Pacific Razor Clam one step closer from becoming State Clam

A bill to designate the Pacific Razor Clam as the official Washington State Clam has passed through the House of Representatives.

This week, a bill sponsored by 19th District Representatives Brian Blake and Jim Walsh passed on a vote of 94-4, now moving to the Senate.

Senator Dean Takko pre-filed the Senate bill to ask for a second year in a row to bring the designation to the clam.

This month, that Senate bill was passed to the Rules Committee for second reading before it would be scheduled their consideration on the Senate floor.

In the bill, it states “The Pacific razor clam, Siliqua patula, is endemic to the Pacific Northwest, abundant on Washington’s sandy coastal beaches, and an important part of the cultural identity of the state.”

The Senate bill is identical to a the House bill.

In 2018, Representatives Blake and Walsh introduced HB 1061 that would have made the same designation. 

After passing the House on a unanimous yes vote, that bill was returned to committee in the Senate.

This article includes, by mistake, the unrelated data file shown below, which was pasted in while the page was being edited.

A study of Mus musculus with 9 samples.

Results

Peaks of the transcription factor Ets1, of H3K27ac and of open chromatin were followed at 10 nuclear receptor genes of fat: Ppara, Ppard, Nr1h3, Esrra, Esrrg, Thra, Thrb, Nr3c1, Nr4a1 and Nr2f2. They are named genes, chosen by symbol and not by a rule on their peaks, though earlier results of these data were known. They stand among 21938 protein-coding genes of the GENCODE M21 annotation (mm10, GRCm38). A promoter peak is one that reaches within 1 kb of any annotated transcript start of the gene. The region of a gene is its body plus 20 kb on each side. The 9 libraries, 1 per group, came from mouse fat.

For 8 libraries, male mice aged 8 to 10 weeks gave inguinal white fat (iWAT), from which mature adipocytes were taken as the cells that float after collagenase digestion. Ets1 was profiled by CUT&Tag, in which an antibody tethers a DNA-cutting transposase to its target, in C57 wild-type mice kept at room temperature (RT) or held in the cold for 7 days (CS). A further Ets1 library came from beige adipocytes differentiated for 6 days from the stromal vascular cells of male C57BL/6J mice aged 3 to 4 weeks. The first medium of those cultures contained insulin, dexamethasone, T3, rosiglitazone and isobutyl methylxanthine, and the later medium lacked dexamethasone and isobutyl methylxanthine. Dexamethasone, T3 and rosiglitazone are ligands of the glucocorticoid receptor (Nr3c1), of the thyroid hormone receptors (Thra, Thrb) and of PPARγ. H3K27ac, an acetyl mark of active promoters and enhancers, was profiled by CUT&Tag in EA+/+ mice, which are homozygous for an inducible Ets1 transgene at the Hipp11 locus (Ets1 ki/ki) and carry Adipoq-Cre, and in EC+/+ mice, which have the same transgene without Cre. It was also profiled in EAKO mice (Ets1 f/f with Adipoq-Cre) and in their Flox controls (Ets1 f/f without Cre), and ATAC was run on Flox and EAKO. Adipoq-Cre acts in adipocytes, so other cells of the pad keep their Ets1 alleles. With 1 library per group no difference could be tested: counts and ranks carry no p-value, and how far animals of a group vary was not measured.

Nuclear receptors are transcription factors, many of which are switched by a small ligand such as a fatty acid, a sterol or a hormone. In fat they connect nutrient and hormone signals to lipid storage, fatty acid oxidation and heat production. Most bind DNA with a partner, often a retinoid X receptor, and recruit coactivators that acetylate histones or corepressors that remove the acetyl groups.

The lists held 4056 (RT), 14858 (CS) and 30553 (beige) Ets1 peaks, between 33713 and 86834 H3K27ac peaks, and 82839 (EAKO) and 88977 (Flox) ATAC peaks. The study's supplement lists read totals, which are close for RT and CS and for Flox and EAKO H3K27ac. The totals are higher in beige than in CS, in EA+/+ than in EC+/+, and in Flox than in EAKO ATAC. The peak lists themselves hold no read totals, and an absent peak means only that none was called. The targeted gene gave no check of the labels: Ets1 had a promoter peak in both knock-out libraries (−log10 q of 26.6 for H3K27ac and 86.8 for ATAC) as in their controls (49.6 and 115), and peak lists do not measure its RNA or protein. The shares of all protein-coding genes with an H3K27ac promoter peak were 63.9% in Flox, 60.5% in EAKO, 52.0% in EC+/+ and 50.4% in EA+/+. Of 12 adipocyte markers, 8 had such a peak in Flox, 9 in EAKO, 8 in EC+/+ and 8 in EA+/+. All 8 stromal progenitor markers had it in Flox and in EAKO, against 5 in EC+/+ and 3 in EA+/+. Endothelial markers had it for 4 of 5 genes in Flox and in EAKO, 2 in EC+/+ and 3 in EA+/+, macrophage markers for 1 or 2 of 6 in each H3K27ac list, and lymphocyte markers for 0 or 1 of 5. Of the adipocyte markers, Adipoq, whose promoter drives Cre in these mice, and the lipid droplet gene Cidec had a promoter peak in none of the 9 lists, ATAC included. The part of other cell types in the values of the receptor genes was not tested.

Both bills cite that in recent years, as many as eight million clams are harvested annually.

“The oblong shell of the Pacific razor clam is golden-hued, symmetrical, and especially handsome. The flesh is meaty and makes for premier table fare and a healthy, organic, wild food source.”

The bill also states that razor clamming is not only a tradition for many families, but it brings thousands of people to the coastal area each year and provides “healthy exercise and outdoor experiences” as well as boosts the local economy.

If approved, the Razor clam would join the state oyster Ostrea lurida (proposed by 19th District Senator Brian Hatfield), the Lady Washington as the state ship, the orca as the state marine mammal, and other official representatives for the state.

Also passing this week out of the house were a bill that would remove petrified wood as the state gem and instead name it as the State “vegetative fossil”, clarify that the Columbian mammoth is now the official “vertebrate” fossil, and name the Ellensburg blue agate as the new official state gem, as well as designations of the tardigrade as the State microanimal and the the Suciasaurus rex as the official dinosaur of the state of Washington.